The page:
In testimony before the Senate Banking Committee this morning, FDIC Chairman Donald Powell underscored the need to maintain Prompt Corrective Action (PCA) regulations, particularly existing U.S. leverage requirements, as part of the U.S. implementation of the Basel II Framework, an international effort to modernize the bank capital regime.
While emphasizing his support for a recent interagency agreement to move forward with Basel II in the U.S., Powell said serious questions had been raised as a result of recent testing of Basel II among 26 of the largest U.S. banking organizations. Powell's testimony outlined an analysis of the most recent quantitative impact study (QIS-4), suggesting that Basel II's formulas would, for most banks, require far less capital than current statutory Prompt Corrective Action regulations would allow.
Powell said: "The FDIC views the extremely low capital numbers coming out of Basel II's formulas . . . as examples of why, under Basel II, the leverage ratio would play a more important role than ever in ensuring the soundness of our banking system."
Powell also expressed concerns about the potential detrimental effects the new framework could have on competition within the U.S. banking sector. To foster an open dialogue about the competition issue, the federal financial regulatory agencies have issued an Advance Notice of Proposed Rulemaking that outlines potential changes to risk-based capital regulations for all U.S. banks (Basel 1-A ANPR). "The FDIC is aware that competitive equity concerns are not the same for all banks," Powell said. "Some community banks choose to maintain large amounts of risk-based capital – not because they operate in a risky manner, but rather because they have lower risk appetites or tolerances. Therefore, we are requesting comments in the Basel 1-A ANPR concerning the possibility of allowing these types of institutions to opt out of proposed changes."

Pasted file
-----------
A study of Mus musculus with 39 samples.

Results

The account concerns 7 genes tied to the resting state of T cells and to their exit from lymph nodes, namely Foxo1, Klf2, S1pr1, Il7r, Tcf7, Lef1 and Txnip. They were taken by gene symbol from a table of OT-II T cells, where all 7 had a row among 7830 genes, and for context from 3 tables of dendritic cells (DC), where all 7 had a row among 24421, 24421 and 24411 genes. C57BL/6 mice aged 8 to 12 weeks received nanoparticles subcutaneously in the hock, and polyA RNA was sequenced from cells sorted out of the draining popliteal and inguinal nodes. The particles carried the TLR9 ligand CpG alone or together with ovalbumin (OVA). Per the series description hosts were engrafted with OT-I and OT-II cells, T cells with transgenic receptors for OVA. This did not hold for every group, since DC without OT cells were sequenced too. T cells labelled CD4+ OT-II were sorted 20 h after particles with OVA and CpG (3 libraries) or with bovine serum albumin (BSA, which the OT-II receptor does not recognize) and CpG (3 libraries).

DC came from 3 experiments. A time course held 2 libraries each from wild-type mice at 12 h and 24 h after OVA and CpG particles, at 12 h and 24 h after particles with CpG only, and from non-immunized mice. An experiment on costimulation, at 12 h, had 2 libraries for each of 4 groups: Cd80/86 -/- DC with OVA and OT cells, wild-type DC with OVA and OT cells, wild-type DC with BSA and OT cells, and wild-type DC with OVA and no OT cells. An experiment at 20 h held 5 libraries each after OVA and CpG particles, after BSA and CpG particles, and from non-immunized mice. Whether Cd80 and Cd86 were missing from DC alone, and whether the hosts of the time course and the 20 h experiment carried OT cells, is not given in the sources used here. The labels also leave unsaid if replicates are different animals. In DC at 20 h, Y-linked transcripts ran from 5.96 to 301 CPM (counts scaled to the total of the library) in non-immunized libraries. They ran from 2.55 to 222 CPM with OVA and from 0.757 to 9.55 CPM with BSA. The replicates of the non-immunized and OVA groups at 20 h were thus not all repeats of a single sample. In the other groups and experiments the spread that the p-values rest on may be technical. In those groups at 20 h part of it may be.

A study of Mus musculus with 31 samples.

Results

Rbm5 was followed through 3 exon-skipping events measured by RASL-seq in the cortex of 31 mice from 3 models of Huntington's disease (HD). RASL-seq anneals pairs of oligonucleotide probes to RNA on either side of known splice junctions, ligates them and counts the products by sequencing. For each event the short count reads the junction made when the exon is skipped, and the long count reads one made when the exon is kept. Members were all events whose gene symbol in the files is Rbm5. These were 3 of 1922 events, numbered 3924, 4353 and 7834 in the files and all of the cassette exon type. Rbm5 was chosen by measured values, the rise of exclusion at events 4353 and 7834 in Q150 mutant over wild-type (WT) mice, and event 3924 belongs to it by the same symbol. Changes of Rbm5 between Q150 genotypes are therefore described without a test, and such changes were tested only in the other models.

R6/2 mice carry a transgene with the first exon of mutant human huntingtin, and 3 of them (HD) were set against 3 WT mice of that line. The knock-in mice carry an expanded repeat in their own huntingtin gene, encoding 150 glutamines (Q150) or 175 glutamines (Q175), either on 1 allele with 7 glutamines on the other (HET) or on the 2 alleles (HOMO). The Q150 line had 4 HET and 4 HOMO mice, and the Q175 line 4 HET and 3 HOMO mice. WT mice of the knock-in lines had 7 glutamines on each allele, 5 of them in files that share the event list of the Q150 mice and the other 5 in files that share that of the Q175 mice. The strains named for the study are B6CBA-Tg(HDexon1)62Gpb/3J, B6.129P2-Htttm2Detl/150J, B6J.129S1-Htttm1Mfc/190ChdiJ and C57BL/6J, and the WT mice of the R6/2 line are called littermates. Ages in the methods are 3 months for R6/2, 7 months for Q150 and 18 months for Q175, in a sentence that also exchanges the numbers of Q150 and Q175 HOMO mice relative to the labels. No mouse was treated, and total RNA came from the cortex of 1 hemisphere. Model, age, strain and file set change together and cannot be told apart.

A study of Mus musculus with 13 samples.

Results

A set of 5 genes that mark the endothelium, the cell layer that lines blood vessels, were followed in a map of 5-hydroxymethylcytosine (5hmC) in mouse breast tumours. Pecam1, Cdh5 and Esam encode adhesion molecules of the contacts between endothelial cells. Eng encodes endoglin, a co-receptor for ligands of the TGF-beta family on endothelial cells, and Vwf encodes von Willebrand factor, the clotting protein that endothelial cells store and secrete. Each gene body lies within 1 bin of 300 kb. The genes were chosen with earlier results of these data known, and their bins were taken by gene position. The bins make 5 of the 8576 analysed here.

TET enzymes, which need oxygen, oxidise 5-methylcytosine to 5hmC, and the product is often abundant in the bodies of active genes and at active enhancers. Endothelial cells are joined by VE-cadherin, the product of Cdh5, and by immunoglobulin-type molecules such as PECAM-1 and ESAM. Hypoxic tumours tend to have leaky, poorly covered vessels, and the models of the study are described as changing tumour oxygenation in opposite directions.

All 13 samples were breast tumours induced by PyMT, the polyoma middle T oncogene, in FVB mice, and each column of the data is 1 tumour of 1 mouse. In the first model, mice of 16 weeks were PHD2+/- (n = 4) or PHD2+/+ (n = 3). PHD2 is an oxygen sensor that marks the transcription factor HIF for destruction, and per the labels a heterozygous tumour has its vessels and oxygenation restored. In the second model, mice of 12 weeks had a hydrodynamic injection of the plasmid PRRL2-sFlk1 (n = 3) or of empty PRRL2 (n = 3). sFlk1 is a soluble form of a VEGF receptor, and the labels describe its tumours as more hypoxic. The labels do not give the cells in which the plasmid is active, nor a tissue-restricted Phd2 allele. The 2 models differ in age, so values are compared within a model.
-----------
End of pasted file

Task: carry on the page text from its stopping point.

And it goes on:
Powell said that the additional implementation time and safeguards described in a September 30 interagency announcement would allow Basel II to fulfill its potential to bring about positive change in U.S. capital regulation. He said, "Basel II will require better risk management for adopting banks, and give the agencies better data to identify emerging risks."
"There is more work to be done," Powell concluded. "I hope and believe that future leaders of the agencies will continue to insist on the best of both worlds: sophisticated risk management and a clear cut minimum of regulatory capital to protect against future banking crises."
Congress created the Federal Deposit Insurance Corporation in 1933 to restore public confidence in the nation's banking system. The FDIC insures deposits at the nation's 8,868 banks and savings associations and it promotes the safety and soundness of these institutions by identifying, monitoring and addressing risks to which they are exposed. The FDIC receives no federal tax dollars -- insured financial institutions fund its operations.
FDIC press releases and other information are available on the Internet at www.fdic.gov, by subscription electronically (go to www.fdic.gov/about/subscriptions/index.html) and may also be obtained through the FDIC's Public Information Center (877-275-3342 or (703) 562-2200). PR-112-2005.